Missouri Gov. Eric Greitens resigned Tuesday, shortly after a judge ordered him to turn over documents to the Missouri House committee currently investigating campaign finance allegations against the governor.
Cole County Circuit Judge Jon Beetem on Tuesday ordered Greitens’ nonprofit, A New Missouri Inc., to turn over documents and communications in an investigation into whether the organization coordinated with the governor and his campaign committee.
“The last few months have been incredibly difficult for me, for my family, for my team, for my friends and for many many people that I love,” Greitens said at a press conference announcing the resignation. “This ordeal has been designed to cause an incredible amount of strain on my family, millions of dollars in mounting legal bills, [and] endless mounting attacks designed to cause maximum damage to family and friends.”
“I have not broken any laws or committed any offense worthy of this treatment,” Greitens insisted.
In a statement following Greitens’ announcement, St. Louis Circuit Attorney Kim Gardner said she had “reached a fair and just resolution of the pending charges” with the governor’s defense team, and would announce further details on Wednesday.
Greitens’ announcement Tuesday, which becomes effective on June 1 at 5 p.m., comes just weeks after the release of a detailed legislative report in which his former mistress accused him of coercing her into sex and slapping her.
The Republican governor had for weeks pledged to remain in office despite those allegations, defying bipartisan calls for him to resign and saying that he was the target of a “political witch hunt.”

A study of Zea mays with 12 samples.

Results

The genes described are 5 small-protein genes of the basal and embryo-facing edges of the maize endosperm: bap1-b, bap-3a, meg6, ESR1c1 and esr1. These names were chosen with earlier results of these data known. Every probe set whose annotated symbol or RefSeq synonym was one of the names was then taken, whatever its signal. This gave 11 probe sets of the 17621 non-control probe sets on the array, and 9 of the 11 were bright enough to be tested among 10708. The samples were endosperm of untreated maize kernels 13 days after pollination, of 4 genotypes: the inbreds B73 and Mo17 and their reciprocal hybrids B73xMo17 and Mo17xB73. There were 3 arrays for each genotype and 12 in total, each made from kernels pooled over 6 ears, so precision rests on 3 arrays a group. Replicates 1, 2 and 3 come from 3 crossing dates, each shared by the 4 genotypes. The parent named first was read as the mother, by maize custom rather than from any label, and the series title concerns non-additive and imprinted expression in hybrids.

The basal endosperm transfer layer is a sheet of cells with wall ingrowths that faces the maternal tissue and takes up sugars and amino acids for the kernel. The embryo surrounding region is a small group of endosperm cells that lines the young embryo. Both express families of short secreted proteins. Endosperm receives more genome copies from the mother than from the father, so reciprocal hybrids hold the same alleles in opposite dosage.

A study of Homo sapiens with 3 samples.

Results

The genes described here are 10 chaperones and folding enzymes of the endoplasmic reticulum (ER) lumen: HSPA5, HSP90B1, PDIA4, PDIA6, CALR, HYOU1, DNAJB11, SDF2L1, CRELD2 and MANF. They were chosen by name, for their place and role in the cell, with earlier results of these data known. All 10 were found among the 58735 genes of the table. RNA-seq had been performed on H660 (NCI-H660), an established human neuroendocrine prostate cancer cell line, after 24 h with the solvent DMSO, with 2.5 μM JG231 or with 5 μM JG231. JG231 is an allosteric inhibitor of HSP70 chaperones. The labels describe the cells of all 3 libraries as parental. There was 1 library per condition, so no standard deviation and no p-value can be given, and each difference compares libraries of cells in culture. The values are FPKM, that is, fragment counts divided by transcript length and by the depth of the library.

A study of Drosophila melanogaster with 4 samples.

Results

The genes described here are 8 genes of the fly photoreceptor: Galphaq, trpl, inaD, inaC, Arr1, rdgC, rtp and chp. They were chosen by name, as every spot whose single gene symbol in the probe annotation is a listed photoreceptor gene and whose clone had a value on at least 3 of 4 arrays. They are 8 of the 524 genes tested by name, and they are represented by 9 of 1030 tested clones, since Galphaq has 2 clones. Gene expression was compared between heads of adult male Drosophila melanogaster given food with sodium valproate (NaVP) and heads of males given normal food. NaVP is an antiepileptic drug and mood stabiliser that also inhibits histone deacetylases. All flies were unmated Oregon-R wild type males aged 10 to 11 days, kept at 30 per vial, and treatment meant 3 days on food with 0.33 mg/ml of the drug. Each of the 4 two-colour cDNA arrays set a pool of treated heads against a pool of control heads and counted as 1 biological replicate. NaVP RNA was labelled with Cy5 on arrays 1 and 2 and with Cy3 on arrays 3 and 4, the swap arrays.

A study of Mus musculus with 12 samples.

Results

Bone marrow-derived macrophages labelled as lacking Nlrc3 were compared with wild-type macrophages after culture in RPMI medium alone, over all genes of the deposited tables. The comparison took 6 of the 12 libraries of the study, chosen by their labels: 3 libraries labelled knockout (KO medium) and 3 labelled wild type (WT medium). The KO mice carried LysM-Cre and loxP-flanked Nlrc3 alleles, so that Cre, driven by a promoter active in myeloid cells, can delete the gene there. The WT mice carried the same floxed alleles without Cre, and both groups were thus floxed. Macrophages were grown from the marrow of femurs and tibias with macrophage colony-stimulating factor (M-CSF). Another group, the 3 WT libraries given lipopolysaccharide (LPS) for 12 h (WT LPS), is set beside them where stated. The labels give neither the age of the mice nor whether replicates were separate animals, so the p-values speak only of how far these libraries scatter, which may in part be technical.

The report was released on April 11 by a special investigative committee of the Republican-controlled Missouri House, evidence that Greitens’ relationship with his own party had frayed amid the scandal surrounding the affair. It included the anonymous testimony of his former hairdresser, who said their encounters were not always consensual and that at times Greitens spanked, grabbed her and called her profane names during sex.
Just before the release of the report, Greitens said the relationship, which went on for several months, was entirely consensual and that the allegations, given under oath, were “tabloid trash” and “gossip.”
“The accusations published in the House Committee’s report will be directly contradicted by the facts that emerge in court,” Greitens said in a statement after the release. “A court of law and a jury of my peers will let every person in Missouri know the truth and prove my innocence.”
Greitens, who is married and has two children, had faced the prospect of a criminal trial after being indicted on a charge of felony invasion of privacy. He was accused of taking photos of his mistress without her consent and then using the images to threaten her.
The felony charge was later dropped due to the possibility that the prosecutor could be called as a witness herself. But Greitens still faces a second felony charge for computer data tampering, after allegedly using his nonprofit to obtain a fundraising list for use by his campaign.
Despite his denials, the report prompted members of his own party to call for his resignation, and The New York Times noted that many have worried the ongoing coverage of the scandal could hurt the party’s chances during the midterm elections.
Democrats had urged fellow lawmakers to launch impeachment proceedings against Greitens were he to remain in office. Even the state’s Republican attorney general, Josh Hawley, said such conduct was “certainly impeachable.”
“The people of Missouri should not be put through that ordeal,” Hawley, who is running for the Senate against Democratic incumbent Claire McCaskill, said at the time. “Governor Greitens should resign immediately.”
This article has been updated to include a statement from St. Louis Circuit Attorney Kim Gardner.